After two sex offenders cut off their bracelets two weeks apart, legislators are questioning the state's use of GPS tracking.
Individual counties and other groups administer their own programs, but the state is currently tracking 635 criminals by GPS, most of them sex offenders.
At an Assembly Committee on Corrections hearing Thursday, representatives questioned the sending of offenders back to jail because they fail to respond to bracelet alerts, not because they are entering unauthorized areas.
"Limitations really are if the piece of equipment doesn't work it gives us that alert and then we investigate that alert," said Department of Corrections Directer of Sex Offender Programs Grace Roberts. "Sometimes it may mean that person going into custody until we can actually figure out that may be based on where they are living, it's not getting that cell phone tower signal, or something like that."
Rep. Michael Schraa (R- Oshkosh) questioned the $6 million annual cost of the program and request for even more funds. Bracelets and other sobriety monitoring equipment cost less than $7 per person to lease daily, and the DOC only monitors 2,277 offenders.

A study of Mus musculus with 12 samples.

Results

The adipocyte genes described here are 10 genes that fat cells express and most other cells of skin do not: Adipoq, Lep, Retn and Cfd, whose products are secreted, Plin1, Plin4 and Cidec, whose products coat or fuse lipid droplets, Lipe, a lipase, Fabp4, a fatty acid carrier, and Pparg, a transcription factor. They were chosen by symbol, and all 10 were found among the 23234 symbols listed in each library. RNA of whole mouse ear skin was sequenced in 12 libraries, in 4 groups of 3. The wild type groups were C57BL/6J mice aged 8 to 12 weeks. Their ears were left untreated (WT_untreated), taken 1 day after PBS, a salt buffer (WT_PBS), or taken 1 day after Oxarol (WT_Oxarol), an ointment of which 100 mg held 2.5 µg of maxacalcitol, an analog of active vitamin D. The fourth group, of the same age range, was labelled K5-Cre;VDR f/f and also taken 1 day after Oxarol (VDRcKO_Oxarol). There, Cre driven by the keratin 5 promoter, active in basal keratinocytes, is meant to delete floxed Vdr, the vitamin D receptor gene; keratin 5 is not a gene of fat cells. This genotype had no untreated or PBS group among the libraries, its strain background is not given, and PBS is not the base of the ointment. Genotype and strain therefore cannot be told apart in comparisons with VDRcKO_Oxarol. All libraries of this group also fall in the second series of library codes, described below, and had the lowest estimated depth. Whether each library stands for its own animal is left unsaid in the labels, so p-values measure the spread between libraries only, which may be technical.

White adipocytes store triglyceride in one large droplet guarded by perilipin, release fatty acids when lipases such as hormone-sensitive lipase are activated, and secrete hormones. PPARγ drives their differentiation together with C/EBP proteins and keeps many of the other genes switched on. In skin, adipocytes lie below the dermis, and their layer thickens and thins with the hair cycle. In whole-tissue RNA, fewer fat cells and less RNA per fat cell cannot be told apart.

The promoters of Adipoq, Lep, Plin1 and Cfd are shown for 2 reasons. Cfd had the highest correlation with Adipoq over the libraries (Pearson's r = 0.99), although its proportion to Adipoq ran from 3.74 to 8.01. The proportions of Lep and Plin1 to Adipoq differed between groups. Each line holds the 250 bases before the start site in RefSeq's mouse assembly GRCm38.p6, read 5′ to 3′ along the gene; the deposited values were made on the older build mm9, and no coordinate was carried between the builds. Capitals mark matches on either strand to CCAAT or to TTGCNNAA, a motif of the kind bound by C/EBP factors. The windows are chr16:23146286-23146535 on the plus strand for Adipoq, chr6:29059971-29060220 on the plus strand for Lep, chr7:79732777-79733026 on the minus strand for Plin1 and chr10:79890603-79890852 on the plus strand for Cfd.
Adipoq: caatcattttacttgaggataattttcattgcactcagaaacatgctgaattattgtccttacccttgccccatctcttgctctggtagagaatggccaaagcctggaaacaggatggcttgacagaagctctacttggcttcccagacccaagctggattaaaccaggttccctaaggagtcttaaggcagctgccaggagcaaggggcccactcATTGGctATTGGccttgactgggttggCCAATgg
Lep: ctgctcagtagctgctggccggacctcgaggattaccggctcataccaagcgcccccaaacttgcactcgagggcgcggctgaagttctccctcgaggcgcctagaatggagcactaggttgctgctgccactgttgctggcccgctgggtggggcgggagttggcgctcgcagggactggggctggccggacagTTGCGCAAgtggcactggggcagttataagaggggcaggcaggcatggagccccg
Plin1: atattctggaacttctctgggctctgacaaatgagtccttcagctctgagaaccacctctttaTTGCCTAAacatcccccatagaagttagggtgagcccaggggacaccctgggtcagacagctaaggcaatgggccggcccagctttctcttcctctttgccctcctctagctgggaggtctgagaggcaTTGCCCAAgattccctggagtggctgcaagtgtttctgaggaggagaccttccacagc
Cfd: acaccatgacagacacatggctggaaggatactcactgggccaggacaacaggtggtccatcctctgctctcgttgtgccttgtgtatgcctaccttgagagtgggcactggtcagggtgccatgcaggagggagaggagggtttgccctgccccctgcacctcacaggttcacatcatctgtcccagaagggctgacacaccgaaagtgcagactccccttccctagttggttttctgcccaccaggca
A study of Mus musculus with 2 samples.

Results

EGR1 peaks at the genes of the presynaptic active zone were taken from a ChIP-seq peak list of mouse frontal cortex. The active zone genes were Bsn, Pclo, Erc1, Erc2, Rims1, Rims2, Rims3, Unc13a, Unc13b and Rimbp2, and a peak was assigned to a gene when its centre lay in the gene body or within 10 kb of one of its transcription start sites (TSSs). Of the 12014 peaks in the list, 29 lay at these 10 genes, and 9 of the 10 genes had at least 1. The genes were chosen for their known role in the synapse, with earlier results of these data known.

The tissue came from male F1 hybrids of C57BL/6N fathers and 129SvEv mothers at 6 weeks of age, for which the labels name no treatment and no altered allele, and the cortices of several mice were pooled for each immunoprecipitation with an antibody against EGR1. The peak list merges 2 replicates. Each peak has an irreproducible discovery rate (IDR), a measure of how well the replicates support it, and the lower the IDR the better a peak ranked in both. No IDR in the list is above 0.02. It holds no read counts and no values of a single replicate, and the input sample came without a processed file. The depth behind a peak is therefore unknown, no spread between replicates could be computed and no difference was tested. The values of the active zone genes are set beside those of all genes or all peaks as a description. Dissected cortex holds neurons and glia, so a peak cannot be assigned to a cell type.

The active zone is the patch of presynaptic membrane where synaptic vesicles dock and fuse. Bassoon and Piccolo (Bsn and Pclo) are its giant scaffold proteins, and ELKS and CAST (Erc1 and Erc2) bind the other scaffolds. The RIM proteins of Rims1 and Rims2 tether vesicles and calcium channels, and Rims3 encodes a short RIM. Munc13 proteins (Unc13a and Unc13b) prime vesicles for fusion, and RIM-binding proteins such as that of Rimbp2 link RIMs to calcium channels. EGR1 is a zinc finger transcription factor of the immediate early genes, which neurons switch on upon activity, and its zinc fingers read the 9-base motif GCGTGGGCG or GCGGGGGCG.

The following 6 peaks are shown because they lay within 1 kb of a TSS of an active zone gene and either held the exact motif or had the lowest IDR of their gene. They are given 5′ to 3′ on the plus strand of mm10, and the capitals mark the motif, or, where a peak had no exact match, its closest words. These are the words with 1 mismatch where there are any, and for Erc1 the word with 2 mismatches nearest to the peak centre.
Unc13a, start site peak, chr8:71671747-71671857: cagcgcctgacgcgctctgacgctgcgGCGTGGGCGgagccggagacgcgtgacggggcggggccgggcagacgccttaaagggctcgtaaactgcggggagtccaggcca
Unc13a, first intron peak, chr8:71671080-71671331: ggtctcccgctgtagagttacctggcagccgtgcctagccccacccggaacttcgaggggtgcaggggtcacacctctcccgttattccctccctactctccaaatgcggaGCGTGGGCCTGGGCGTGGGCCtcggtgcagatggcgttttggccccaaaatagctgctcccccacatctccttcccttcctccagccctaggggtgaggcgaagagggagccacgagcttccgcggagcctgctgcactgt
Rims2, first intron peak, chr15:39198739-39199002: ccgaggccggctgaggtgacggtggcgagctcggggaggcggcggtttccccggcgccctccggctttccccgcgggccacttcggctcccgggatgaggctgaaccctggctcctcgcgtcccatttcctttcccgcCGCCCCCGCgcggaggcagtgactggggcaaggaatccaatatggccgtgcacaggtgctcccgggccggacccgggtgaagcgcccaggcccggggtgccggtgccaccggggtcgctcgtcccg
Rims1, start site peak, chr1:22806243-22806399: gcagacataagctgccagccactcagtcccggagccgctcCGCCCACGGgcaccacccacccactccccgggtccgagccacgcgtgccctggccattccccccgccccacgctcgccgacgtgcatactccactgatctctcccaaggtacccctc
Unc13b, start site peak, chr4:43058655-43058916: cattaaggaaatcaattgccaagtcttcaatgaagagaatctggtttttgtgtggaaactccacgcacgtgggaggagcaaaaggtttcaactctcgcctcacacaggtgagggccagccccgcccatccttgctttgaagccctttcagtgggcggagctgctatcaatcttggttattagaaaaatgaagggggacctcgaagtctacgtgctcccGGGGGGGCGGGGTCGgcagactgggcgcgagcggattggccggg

"I'm just not sure fiscally that it's responsible for us to be putting that kind of money into a program that is really at best not accurate," he said."
Dane County also uses about 160 GPS monitoring ankle bracelets for its inmates out on huber. While Roberts says the state has trouble tracking offenders in vehicles and indoors away from windows, county staff say their devices rarely have those issues. When they do, lights flash alerting the wearer to check in.
"They know that when they get an alert on this bracelet. We have the exact same alerts in our email inbox, on our monitoring software, on our pagers, and if they don't call us we will be calling them," said Dane County Sheriff's Deputy Eric Bates.
Roberts says in the two recent escapes local police were called less than five minutes after the bracelets were cut. As for offenders spending more time in jail because of lost GPS signals, she says some supervised release is better than none and it's better to err on the side of public safety.